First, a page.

When you think about the idea of a secure retirement, one key ingredient would be security. If that’s missing, all you’re left with is a retirement full of anxiety.
And it doesn’t matter which politicians take office, both sides of the aisle often meddle with Social Security and other retirement safety nets, but neither seem to produce tangible results that actually make retirement more secure. (At least, not very often).
October is National Retirement Security Month
This means the government is devoting resources to promote the idea that retirement savers can enjoy their “golden years” without worrying about their expenses.
This sounds like a great idea when taken at face value. No retiree wakes up and hopes their day-to-day expenses and emergencies will overtake their retirement income (which is usually fixed to some degree).
It’s also easy to take for granted the elements that make up a secure retirement, like these highlighted in an article in Capital Journal:
- Saving in tax-advantaged accounts like IRAs or an employee-sponsored 401(k)
- Looking for ways to boost retirement income
- Being prepared for unexpected costs like health care emergencies
- Creating a comprehensive estate plan that might include a durable power of attorney, a will and a living trust, along with a review of your insurance coverages in case you die early
- And on, and on…
The way it’s written, it sounds like all of these things are easy to do, but what if the real-world picture is much more complex than a few nice sounding bullet points?
40% say “It will take a miracle” to boost retirement security
There is a lot more to enjoying a secure retirement than just estate planning and tax advantages.
Natixis ranks countries according to its GRI, and by their methodology, the United States isn’t doing quite as well as you might think. In fact, it doesn’t even crack the top 10:
The same ranking system puts the U.S. public debt near the top, at #3 out of the top 25 countries in the world, with Japan and Greece leading the way.
But worse than all of that, according to this Naxis report, even wealthier retirement savers think “it will take a miracle” to retire securely:
Even affluent individuals worry about retirement. They should be more confident than most individuals. The survey panel is composed of individuals with at least $100,000 in investable assets. Overall, they report a median asset level of $450,000, which includes $250,000 in retirement savings, suggesting they have worked to address their personal retirement security. But dig deeper, and many will tell you that a secure retirement is no sure thing.
In fact, 40% of investors say “it will take a miracle” to retire securely. Having saved only $250,000 toward their goal to date, 42% worry retirement won’t even be an option.
A miracle isn’t something we should count on to happen. Which leaves the question: What can retirement savers do to boost the security of their retirement?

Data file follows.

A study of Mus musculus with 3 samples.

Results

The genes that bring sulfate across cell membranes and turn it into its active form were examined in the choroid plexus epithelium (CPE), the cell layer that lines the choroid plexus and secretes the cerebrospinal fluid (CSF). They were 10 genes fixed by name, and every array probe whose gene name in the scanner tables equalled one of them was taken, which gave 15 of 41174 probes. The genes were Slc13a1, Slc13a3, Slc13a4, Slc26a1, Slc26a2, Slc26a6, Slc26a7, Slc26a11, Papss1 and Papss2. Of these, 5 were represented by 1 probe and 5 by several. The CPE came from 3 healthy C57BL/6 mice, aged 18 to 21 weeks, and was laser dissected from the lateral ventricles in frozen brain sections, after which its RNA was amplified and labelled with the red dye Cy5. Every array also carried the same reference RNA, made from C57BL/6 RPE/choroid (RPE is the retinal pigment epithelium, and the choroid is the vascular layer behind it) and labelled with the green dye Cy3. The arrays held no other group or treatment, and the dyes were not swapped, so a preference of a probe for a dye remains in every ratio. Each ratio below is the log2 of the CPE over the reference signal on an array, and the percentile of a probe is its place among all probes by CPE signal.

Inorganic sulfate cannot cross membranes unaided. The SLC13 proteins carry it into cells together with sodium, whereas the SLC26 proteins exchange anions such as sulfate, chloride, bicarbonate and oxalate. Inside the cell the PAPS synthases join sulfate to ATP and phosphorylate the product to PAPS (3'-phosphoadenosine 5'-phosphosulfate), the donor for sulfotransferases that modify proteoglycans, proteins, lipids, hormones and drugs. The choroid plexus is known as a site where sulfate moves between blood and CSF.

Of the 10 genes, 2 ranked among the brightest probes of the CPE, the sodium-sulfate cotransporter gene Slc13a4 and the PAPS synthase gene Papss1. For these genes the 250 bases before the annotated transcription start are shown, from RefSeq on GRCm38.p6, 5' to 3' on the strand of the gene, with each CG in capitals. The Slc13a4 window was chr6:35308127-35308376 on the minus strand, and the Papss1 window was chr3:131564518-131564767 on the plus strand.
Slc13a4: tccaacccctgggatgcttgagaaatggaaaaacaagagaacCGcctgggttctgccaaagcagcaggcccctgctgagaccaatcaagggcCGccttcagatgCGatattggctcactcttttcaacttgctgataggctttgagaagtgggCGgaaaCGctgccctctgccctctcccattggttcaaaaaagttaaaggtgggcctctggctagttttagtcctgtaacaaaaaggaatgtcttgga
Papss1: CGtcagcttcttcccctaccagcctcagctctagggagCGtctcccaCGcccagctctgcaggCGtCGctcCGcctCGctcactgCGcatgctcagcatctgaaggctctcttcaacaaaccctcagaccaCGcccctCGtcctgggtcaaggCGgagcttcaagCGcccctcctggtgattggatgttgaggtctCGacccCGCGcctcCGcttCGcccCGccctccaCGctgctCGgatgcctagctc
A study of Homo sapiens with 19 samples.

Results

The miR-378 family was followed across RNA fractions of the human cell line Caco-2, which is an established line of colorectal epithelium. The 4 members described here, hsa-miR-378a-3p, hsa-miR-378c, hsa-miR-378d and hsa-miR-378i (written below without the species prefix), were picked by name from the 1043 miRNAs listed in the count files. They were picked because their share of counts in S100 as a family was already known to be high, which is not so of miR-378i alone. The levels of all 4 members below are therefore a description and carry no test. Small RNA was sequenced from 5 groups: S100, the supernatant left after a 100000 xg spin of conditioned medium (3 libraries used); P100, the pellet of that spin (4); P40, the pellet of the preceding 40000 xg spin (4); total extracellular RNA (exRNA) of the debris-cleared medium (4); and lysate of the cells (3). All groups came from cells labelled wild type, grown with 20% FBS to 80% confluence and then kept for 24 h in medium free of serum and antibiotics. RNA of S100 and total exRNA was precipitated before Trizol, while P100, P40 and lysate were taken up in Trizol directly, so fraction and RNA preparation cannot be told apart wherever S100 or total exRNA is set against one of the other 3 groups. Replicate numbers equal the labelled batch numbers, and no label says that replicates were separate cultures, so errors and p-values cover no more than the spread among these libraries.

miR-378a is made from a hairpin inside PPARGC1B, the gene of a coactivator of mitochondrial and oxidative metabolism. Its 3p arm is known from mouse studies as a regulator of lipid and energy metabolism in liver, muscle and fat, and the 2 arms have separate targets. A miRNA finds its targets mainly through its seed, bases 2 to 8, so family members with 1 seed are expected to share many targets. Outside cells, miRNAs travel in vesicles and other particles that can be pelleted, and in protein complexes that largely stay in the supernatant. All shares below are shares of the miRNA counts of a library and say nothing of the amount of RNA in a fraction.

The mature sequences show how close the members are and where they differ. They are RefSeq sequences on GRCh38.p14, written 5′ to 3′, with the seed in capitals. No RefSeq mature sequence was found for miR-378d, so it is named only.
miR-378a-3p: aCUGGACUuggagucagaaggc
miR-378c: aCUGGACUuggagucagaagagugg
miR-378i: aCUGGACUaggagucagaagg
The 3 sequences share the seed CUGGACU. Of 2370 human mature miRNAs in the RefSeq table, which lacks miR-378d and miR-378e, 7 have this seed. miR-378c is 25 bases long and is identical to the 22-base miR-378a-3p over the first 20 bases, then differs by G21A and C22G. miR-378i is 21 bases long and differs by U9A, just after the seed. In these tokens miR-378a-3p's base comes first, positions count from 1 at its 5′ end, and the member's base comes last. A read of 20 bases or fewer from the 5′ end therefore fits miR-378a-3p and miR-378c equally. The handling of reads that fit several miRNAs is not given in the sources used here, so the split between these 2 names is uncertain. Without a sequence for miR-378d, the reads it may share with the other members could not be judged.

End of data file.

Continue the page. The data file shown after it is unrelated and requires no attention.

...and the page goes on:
The same report finished with a similar conclusion that we’ve reached a number of times:
The risks presented by inflation, interest rates, and public debt, and the financial challenges of employment and healthcare are great. And they come at a time when many retirement systems are shifting from traditional pensions to defined contribution solutions. As a result, eight in ten individuals know it is increasingly their responsibility to fund retirement. [emphasis added]
We have to look out for ourselves. We just can’t count on anyone else to do it for us – not Congress, or the Social Security Administration or our parents. We must each overcome this challenge for ourselves.
The good news is, this means you do have options. But it also means you might have to consider solutions that fall outside of the traditional way of saving for retirement.
Secure your own retirement by thinking outside the box
To help increase retirement security, savers can consider diversifying beyond stocks and bonds. That means thinking outside of the box, which can help increase the chances you’ll enjoy a stress-free lifestyle well into your golden years.
And that’s where a self-directed IRA shines.
A self-directed IRA focuses on the benefit of providing more flexibility with your investments. For example, you’re not restricted to choosing from one broker’s menu of mutual funds and other paper-based assets. It’s like taking the training wheels off your retirement savings. After all, it’s your hard-earned money. Why should you let a stranger tell you what you should and shouldn’t invest in?
This flexibility also allows you to diversify your retirement savings with often-overlooked assets. Adding physical precious metals like gold, silver or platinum to your savings helps provide the benefits of diversification in a form that can’t be hacked, crashed or simply inflated away. Many Americans feel a sense of stability and security based on their ownership of physical precious metals. There’s a reason gold is called “portfolio insurance.”